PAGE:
Which one should you be more concerned about: Riding in a car or an airplane? If you answered “airplane”, you’re terrible at assessing risk.
Globally, every year about 1.25 million people die in car accidents. Whereas, the typical worldwide average deaths in airplane accidents rarely tops 1,000, but is usually much less. Similarly, 20,000 Chinese coal miners die each year, but if one dies in a nuclear accident, it would be mainstream news for days.
Now, you may argue that we make such a big deal out of rare instances because they are just that: rare. Perhaps we are so used to the idea of dying in a car accident that it no longer makes us as afraid. But, think about that sentiment for a moment. After all, there are stringent safety regulations on aircraft and flights are orchestrated in a mid-air symphony, whereas ground vehicle traffic is more chaotic.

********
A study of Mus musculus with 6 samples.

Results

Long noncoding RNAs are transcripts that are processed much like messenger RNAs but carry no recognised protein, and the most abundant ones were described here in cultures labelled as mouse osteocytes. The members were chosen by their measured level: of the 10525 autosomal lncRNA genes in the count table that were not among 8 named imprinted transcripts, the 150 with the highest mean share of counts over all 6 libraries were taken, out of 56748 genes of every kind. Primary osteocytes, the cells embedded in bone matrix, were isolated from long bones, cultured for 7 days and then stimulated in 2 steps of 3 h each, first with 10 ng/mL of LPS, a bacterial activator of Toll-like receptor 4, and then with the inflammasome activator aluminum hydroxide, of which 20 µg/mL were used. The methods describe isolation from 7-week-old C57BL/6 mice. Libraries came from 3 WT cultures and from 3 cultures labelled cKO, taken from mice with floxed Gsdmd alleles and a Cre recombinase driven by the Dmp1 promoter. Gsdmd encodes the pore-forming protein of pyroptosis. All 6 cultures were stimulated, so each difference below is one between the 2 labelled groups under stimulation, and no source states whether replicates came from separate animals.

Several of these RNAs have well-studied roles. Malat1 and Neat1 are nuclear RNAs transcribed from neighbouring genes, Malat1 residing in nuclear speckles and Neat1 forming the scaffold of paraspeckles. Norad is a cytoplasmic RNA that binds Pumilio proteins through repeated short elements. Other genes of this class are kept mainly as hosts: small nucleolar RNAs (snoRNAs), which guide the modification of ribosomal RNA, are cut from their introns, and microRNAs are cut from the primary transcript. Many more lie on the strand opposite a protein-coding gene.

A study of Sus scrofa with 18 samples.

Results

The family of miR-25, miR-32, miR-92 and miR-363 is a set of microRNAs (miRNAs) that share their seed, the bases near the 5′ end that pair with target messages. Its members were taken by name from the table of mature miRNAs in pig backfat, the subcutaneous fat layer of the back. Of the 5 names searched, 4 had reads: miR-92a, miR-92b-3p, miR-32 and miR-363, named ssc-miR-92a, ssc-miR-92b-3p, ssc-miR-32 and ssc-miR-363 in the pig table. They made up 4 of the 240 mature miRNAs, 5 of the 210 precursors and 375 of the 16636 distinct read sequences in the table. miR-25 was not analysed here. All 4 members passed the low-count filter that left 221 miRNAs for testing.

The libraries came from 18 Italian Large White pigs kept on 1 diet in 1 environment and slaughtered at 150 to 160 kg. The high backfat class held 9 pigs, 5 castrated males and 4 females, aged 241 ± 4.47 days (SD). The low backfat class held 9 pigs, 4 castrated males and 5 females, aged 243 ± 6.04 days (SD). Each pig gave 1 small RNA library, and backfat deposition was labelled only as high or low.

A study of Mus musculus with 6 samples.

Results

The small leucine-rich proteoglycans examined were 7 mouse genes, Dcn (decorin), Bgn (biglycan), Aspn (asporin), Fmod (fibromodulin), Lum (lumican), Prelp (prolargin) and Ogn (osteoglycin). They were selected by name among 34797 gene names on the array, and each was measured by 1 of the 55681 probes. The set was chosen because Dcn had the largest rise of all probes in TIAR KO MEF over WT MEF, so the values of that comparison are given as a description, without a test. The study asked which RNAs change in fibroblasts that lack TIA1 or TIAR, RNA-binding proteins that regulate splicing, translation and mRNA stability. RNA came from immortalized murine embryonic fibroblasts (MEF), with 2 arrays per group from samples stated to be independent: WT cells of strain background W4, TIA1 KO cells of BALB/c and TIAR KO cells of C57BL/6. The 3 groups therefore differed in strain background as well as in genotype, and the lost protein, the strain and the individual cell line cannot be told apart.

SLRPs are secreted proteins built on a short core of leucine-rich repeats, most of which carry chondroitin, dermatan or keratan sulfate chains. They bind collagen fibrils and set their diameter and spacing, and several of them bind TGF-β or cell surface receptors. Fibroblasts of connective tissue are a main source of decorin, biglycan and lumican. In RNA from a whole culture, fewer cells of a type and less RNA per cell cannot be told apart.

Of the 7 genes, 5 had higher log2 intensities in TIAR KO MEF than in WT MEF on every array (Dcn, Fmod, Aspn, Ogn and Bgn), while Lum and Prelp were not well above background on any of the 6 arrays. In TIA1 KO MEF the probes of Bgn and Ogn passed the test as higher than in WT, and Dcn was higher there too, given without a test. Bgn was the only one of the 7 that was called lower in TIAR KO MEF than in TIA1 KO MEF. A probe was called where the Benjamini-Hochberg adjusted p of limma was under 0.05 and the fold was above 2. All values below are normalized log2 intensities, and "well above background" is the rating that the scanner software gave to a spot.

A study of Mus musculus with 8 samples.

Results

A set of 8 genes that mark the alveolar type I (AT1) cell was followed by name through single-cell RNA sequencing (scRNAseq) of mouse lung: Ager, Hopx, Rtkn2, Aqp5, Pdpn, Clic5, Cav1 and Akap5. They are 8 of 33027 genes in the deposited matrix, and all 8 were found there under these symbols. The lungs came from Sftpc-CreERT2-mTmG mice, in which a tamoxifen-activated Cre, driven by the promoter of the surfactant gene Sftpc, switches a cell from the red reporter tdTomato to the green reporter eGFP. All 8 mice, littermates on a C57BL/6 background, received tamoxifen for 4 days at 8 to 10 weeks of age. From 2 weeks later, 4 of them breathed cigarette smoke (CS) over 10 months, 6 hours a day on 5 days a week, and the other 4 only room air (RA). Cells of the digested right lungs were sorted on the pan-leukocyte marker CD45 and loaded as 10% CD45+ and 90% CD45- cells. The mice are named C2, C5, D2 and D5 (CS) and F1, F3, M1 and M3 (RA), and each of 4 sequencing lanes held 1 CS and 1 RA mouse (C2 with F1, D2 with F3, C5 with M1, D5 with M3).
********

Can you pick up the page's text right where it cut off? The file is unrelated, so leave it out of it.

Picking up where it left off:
Well, it turns out humans are actually terrible at assessing risks. This is especially true when it comes to ideology or political beliefs. Sometimes, people will simply ignore logic because near-term implications are more acceptable.
The Psychology Behind This Phenomena
Scientists have studied this topic for decades and have been able to isolate a few key characteristics that zero-in on the reason we are so terrible at assessing risks:
- Catastrophes — Where large numbers of people are affected at once as opposed to over a period of time.
- How familiar they are with the risk and how well they understand it.
- How much one can control a situation or their reaction to a situation.
- When something can harm you, even though you didn’t intentionally put yourself directly in harm’s way.
- If children are involved, the impact is much stronger.
- Relating to the victim identity. Who the victim is can be almost, if not more, as important as the circumstance.